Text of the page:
The Life of a Soldier in the U. S. Cavalry
Written by John H. Laser, Troop D, 6th U. S. Cavalry.
The life of a soldier is wild and romantic,
Out upon the Western frontiers;
In the heart of the mountains or on the open prairie
The "boys "they live like festive kings or peers.
They can hunt the buffalo and the bear,
The elk and the cunning panther, too;
And many are the poor but sanguinary redskin
They are often forced to put the daylight through.
We start out at daybreak and cross the open prairie,
Or the point o'er which our journey it may lie,
Down through the valley, or o'er the rugged mountains,
Whose distant snow-tipped summit pierces the sky.
And we travel right on 'till noon,
Until we strike some clear little stream;
We will halt by its banks to demolish some refreshments,
And bask in the sun's celestial beams.
After resting and feeding, and seeing to our horses,
"Swing out boys, " is then the next command;
Immediately after our small but jolly party
Is once on route o'er the land.
Then we'll travel the remainder of the day,
Until the sun sinks far in the West;
Then we'll camp by some stream and refresh ourselves with coffee,
And pass the night in slumber and in rest.
It wants an hour of daybreak, the boys they are sleeping,
Dreaming of happy and sweet times;
The camp is enveloped in darkness,
And in silent the sentinel patrols his lonely beat.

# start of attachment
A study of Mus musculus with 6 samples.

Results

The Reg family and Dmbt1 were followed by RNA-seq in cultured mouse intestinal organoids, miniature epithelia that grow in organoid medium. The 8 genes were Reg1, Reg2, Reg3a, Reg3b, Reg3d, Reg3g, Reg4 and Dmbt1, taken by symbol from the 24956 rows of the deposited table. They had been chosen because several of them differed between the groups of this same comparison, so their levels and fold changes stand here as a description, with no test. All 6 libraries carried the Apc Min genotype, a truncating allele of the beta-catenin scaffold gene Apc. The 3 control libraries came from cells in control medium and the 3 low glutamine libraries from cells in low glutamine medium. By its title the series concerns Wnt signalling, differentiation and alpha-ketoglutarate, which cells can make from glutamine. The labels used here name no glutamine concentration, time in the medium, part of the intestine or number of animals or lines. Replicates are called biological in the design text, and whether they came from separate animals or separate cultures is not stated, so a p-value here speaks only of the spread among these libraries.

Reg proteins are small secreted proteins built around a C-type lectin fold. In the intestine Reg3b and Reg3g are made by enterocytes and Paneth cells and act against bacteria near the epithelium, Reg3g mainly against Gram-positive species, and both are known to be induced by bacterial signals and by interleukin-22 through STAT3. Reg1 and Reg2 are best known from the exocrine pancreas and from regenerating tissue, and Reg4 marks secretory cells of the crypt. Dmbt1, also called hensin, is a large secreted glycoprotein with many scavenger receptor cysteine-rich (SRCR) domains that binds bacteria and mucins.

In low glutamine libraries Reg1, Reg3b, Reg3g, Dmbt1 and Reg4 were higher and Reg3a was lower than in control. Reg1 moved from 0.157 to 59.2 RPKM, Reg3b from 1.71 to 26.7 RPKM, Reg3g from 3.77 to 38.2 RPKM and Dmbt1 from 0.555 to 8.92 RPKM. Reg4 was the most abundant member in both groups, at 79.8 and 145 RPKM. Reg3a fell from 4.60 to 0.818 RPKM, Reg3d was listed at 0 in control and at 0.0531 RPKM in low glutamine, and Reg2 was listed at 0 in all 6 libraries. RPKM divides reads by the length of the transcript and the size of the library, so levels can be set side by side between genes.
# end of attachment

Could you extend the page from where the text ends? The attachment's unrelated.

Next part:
Not a sound disturbs the air,
The sentinel calls "all's well!"
When all of a sudden the crack of many rifles
Is followed by a loud and savage yell.
The boys are on their feet, feeling for their rifles,
The barrels in the darkness brightly gleam;
The animals are neighing, snorting and prancing,
Confusion for a moment reigns supreme.
Then the boys dash for their foe,
Determined to conquer or die;
And when the morning dawned the sun came out
And looked where many a lifeless warrior did lie.
The soldiers are triumphant, still their bronzed and hearty faces
Wear expressions of sadness and of gloom;
For three of their companions, when the redskins came upon them,
Sprang from their couch only to meet their doom.
They were buried where they fell,
As noble looking men as you could see;
And they shall lie in peace and in quietness
Until the sounding of the "great reveille."
Then hurrah for a good suit of blue,
A rifle, a horse, and pistol, too;
Hurrah for the prairies, the wild woods and the mountains,
To pass a wild and reckless life away.